Go to main content
 
 

“I don’t feel guilty anymore”

Inclusion
Palestine

Humanity and Inclusion has launched an inclusive education project in partnership with a local school in Gaza, in the Palestinian Territories. This initiative helps children with disabilities access an education. Mahmoud, who has cerebral palsy, is one of them. 

Suha and her son Mahmoud outside the school supported by HI

Suha and her son Mahmoud outside the school supported by HI | ©Oriane van den Broeck / HI

HI runs an inclusive education project in a special school in Gaza where teaching methods are adapted to children with disabilities. Their mental health and that of their families are the cornerstones of the project. 

Supporting parents 

"Mahmoud used to go to a different special school,” explains Suha. “As parents, we didn’t get any support." Now, she says, she can talk to the school psychologist and attends a support group for parents of students with disabilities.

The group has helped Suha overcome her guilt: "It was extremely difficult for me, because people in my neighbourhood and my family held me responsible for what had happened to Mahmoud. The support group has made me stronger. I can talk about my son now without crying. I am no longer ashamed.” 

Becoming more independent

Suha attended weekly awareness sessions for parents where she learned how to make her son more self-reliant: "I’ve changed my approach to him.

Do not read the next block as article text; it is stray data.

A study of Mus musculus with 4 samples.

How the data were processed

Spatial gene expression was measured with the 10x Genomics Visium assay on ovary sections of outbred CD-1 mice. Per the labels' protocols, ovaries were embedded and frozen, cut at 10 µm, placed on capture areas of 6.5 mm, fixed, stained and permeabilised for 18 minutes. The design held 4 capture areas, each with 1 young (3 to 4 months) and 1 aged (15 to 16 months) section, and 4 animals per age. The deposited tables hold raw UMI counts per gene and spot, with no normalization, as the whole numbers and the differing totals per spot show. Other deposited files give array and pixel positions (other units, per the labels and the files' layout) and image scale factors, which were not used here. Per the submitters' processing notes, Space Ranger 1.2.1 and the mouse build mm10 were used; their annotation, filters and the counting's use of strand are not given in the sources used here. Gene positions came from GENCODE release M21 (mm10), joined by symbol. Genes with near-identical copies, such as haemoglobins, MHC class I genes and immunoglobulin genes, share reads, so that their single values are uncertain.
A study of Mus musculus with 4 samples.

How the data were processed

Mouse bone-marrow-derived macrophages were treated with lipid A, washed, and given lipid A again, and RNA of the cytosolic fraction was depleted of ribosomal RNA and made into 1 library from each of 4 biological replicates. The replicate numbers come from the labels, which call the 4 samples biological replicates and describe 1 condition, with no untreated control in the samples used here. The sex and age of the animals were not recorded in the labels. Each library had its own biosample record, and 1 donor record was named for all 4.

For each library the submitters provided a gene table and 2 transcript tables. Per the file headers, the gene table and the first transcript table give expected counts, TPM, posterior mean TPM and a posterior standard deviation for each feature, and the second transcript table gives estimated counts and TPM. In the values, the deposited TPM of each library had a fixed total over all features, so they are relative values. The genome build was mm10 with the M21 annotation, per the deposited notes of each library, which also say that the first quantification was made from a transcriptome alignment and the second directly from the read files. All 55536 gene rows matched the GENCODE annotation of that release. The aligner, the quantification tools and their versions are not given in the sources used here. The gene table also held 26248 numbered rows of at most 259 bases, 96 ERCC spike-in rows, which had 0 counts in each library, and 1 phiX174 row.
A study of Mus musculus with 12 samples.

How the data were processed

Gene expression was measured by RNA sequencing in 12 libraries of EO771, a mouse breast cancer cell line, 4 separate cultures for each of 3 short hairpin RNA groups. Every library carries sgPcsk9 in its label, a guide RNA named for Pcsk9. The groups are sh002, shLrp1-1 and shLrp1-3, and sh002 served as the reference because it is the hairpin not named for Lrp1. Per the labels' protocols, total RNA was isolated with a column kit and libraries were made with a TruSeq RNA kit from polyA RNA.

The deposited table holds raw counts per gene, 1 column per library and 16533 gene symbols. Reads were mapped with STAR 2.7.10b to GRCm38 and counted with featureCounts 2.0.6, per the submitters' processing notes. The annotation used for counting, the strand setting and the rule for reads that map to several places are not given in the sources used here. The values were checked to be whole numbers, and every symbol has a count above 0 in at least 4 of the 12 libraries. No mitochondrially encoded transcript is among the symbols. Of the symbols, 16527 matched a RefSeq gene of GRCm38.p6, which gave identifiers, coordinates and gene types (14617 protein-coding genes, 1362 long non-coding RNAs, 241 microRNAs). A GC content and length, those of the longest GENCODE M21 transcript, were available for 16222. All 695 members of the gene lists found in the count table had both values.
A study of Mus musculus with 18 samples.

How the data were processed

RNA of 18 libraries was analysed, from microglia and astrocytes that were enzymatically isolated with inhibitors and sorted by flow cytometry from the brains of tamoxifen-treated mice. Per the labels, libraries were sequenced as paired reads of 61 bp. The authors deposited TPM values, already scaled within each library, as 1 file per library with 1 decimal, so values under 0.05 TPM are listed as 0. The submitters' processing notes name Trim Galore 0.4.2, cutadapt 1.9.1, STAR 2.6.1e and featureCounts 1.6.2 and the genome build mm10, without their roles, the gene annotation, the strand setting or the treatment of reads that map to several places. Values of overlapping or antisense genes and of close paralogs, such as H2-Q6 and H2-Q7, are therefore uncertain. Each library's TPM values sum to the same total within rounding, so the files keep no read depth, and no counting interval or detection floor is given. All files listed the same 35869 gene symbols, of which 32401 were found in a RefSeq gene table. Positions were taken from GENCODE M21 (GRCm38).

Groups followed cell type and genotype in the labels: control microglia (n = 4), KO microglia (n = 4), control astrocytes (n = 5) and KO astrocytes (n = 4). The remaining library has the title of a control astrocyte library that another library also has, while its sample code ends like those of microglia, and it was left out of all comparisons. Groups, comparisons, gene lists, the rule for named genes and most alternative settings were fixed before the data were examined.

Mahmoud used to be dependent on me. I learned how to support him, and he does more things for himself. When he was hungry, I used to prepare something. Now, we cook together at home. These everyday changes help both Mahmoud and the rest of the family.” 

Progress at school and at home

Each child is personally followed up by the school psychologist. Mahmoud's behaviour has changed completely. He mixes with other children and is much more sociable. He has also made progress in the classroom:

"Mahmoud is more comfortable and, as a result, he is learning more and more. He can now read and write,"

says Suha. 

Where your
support
helps

PRESS CONTACT

CANADA

Gabriel PERRIAU

USA

Mica BEVINGTON

 

Help them
concretely

To go further

Accompanying humanitarian aid workers to better include persons with disabilities
© S. Ahmed / HI
Inclusion

Accompanying humanitarian aid workers to better include persons with disabilities

A set of professional strategies and practical guidance published today aims to improve the inclusion of persons with disabilities in humanitarian aid delivery and ensure their participation.

Girls education challende in Sierra Leone
© HI
Inclusion

Girls education challende in Sierra Leone

Sierra Leone's female literacy rate (34%) is one of the lowest in the world and, although there are many policies, none specifically addresses children with disabilities, with the exception of the Children's Rights Act (2007) which guarantees every child access to education. To address this situation, HI is implementing the Girl's Education Challenge - Transition (GEC-T) project, with key partners, so that girls and marginalized children with disabilities in five districts of Sierra Leone can reach their full potential and make the transition from primary school to secondary school and beyond.

 

UN Security Council recognises the rights of people with disabilities in armed conflicts
© Martin Crep/HI
Emergency Inclusion Rights

UN Security Council recognises the rights of people with disabilities in armed conflicts

For the first time ever, the United Nations Security Council has adopted a Resolution on persons with disabilities in armed conflict. This represents a significant step forward for people with disabilities, who are particularly at risk in crisis situations and often overlooked in humanitarian assistance.